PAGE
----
NAIROBI, KENYA - China is preparing to shut down ivory factories Friday. It is the first phase of the government’s plan to end all domestic ivory trade this year. Kenyan conservation group Save the Elephants says that commitment has already had some impact.
Save the Elephants says the wholesale price of ivory in China dropped up to 60 percent in the last three years. The Nairobi-based conservation group says in 2014 a tusk sold wholesale for $2,100 per kilogram. In February of this year, an ivory tusk was sold at $700 per kilogram.
Save the Elephants researcher Esmond Martin did the study, which was released Wednesday in Nairobi.
“The government of China announced in December last year, 2016, it was going to close down the ivory factories, the legal ones and illegal shops,” Martin said. “So what we found was many of the shops are now, are diversifying, getting out of ivory, moving into other materials.”
Ivory sellers clearing stocks
He says raw ivory sellers have been racing against time and offering lower prices to sell off their remaining stocks.
Ivory seals, jewelry and trinkets are popular in China. According to the global monitoring system known as the Elephants Trade Information System (ETIS), China is by far the largest importer and consumer of ivory in the world.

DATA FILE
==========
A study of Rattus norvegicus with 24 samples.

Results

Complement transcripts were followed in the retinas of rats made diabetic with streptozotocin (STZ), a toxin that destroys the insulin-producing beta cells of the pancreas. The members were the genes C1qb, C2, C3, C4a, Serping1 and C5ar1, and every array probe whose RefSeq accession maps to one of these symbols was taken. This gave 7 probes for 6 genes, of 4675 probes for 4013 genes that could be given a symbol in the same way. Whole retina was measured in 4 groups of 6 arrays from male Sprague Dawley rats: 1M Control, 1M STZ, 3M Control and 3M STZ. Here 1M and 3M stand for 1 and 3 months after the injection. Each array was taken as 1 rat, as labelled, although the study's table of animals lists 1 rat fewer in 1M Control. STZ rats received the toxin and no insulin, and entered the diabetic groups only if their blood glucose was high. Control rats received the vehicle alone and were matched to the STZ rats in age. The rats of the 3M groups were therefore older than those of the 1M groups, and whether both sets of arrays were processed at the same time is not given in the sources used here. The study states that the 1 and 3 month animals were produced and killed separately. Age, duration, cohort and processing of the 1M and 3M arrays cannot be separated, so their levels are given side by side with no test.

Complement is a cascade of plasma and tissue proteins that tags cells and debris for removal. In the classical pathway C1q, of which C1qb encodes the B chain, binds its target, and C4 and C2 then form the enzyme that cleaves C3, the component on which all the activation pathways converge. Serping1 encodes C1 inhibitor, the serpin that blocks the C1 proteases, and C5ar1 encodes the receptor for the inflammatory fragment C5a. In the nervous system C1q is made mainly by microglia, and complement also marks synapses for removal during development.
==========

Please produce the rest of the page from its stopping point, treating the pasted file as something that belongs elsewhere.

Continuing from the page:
But the founder of Save the Elephants, Iain Douglas-Hamilton, says public education campaigns in China are starting to bear fruit.
“If you go back beyond that five years ago, 10 years ago, people in China were unaware that if they bought ivory, it would cause the killing of the elephants,” Douglas-Hamilton said. “And it’s been a lot of campaigning with Chinese celebrities, in which the Save the Elephants have taken part, to change that mindset.”
Elephants killed by thousands
Tens of thousands of elephants have been killed in recent years for their tusks. The recent Great Elephant Census showed a 30 percent decline in African savanna elephants between 2007 and 2014.
China’s decision to ban domestic ivory trade by the end of 2017 was hailed by conservationists. Whether the new policy will help reduce poaching remains to be seen. Martin says China must also crack down on illegal trade.
“There are over a million Chinese living in Africa, and they are buying a lot of ivory retail from big markets in Luanda, in Lagos, in Cairo, and in Khartoum and other places,” Martin said. “And 90 percent of the buyers are sending it back to China, and they are also buying ivory which is much cheaper from their neighboring countries such a Vietnam, Laos and Burma.”
Last year, Save the Elephants released a report that Chinese ivory buyers are purchasing the product in Vietnam. The group noted in the last decade, the number of ivory items for sale in Vietnam had increased by more than six times.